Pushing the limits of lensless imaging.
(September 22, 2015) At the Frontiers in Optics conference researchers will describe a custom-built ultrafast laser that could help image everything from semiconductor chips to cells in real time.
Using ultrafast beams of extreme ultraviolet light streaming at a 100,000 times a second, researchers from the Friedrich Schiller University Jena, Germany, have pushed the boundaries of a well-established imaging technique. Not only did they make the highest resolution images ever achieved with this method at a given wavelength, they also created images fast enough to be used in real time. Their new approach could be used to study everything from semiconductor chips to cancer cells.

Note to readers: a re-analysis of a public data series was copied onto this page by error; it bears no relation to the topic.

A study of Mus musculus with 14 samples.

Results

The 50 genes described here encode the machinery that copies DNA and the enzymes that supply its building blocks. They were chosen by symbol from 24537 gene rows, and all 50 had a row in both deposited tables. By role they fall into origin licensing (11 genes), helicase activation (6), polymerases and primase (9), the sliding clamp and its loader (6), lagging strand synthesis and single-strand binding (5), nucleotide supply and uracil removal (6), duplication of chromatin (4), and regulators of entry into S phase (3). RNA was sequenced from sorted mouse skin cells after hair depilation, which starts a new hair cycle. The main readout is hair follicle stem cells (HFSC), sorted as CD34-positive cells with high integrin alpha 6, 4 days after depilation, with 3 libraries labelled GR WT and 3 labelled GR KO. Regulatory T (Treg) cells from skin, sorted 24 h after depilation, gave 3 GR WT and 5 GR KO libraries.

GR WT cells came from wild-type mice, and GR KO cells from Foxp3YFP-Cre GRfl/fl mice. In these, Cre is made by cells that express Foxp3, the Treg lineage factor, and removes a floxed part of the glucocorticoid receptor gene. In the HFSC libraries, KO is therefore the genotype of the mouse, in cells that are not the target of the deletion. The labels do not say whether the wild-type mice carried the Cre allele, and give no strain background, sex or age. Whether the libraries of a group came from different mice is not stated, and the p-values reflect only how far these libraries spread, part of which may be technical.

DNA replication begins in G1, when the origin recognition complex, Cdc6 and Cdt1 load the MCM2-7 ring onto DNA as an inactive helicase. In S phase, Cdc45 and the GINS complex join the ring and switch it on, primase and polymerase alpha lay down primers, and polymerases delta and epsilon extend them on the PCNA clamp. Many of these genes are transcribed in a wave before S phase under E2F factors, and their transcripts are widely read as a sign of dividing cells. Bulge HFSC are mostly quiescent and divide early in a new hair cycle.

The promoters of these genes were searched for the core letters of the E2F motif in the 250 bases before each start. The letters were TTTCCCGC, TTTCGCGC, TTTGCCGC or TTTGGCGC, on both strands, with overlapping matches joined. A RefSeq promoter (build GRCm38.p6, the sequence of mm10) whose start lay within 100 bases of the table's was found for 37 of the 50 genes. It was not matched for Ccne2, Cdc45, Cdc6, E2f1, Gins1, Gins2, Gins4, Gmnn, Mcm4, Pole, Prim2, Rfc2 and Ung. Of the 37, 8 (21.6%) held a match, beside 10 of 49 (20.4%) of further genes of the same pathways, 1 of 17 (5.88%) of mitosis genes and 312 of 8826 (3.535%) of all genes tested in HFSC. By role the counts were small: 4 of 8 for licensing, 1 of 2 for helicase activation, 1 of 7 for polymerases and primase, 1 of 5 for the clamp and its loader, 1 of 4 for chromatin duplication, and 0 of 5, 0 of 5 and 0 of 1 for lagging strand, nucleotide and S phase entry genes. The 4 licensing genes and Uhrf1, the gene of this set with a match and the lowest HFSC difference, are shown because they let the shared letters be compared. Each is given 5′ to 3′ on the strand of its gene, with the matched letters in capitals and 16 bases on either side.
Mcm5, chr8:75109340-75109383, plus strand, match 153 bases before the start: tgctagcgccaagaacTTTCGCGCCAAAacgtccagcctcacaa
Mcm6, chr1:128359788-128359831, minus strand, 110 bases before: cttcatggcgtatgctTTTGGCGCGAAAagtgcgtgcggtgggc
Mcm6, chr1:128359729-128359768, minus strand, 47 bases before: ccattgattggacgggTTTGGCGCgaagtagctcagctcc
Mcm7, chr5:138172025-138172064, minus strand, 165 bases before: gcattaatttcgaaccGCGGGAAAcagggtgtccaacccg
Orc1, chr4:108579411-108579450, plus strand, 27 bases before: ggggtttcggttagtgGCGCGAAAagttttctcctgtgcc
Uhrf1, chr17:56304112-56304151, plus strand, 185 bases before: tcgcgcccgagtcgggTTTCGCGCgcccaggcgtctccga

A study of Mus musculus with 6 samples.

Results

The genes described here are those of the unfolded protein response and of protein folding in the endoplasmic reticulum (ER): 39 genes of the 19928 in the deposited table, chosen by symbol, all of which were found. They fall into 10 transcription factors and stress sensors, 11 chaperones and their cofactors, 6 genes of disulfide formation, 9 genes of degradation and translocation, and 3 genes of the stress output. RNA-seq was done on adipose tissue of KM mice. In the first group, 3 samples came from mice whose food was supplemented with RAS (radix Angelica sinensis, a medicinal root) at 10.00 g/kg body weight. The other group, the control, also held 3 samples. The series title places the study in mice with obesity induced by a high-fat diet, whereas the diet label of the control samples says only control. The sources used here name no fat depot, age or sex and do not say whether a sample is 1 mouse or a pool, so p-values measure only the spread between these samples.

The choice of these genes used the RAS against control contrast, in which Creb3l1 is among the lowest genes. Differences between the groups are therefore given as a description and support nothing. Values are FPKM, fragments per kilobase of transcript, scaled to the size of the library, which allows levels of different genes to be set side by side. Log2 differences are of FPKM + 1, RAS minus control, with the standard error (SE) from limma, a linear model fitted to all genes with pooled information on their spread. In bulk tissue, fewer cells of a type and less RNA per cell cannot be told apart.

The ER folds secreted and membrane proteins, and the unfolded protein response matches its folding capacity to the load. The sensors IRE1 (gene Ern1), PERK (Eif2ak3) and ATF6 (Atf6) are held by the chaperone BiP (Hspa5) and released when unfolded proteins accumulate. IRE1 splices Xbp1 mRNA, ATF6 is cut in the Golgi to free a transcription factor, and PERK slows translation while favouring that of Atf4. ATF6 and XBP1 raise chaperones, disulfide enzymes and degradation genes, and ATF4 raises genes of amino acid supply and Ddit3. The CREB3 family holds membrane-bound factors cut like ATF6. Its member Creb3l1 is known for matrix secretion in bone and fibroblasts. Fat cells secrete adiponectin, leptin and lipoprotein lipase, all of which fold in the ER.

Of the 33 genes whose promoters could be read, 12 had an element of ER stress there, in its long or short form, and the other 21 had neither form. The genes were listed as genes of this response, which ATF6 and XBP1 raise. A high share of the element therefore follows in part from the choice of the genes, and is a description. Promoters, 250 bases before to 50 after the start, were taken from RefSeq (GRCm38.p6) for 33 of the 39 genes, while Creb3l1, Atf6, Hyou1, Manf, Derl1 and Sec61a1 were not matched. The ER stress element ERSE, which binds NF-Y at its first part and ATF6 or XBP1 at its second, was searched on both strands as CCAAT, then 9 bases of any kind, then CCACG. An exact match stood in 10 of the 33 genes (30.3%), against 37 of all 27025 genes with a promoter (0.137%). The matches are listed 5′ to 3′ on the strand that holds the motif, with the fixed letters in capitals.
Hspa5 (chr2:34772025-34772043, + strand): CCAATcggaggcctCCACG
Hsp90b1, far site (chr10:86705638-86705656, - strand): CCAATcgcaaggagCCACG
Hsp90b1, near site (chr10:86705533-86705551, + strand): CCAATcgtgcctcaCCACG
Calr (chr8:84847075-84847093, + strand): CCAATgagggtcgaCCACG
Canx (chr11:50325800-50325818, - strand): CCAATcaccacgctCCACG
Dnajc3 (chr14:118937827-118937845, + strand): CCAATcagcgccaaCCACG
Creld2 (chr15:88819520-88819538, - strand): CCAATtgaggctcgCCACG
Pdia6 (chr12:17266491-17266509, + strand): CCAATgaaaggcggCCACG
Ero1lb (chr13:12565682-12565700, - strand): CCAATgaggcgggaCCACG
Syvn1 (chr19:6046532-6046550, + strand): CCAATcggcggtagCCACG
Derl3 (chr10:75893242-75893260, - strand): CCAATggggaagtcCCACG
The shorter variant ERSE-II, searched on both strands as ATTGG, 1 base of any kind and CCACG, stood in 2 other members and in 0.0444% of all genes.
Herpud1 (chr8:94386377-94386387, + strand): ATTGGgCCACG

The team will present their work at the Frontiers in Optics, The Optical Society’s annual meeting and conference in San Jose, California, USA, on 22 October 2015.
The researchers’ wanted to improve on a lensless imaging technique called coherent diffraction imaging, which has been around since the 1980s. To take a picture with this method, scientists fire an X-ray or extreme ultraviolet laser at a target. The light scatters off, and some of those photons interfere with one another and find their way onto a detector, creating a diffraction pattern. By analyzing that pattern, a computer then reconstructs the path those photons must have taken, which generates an image of the target material — all without the lens that's required in conventional microscopy.
"The computer does the imaging part — forget about the lens," explained Michael Zürch, Friedrich Schiller University Jena, Germany and lead researcher. "The computer emulates the lens."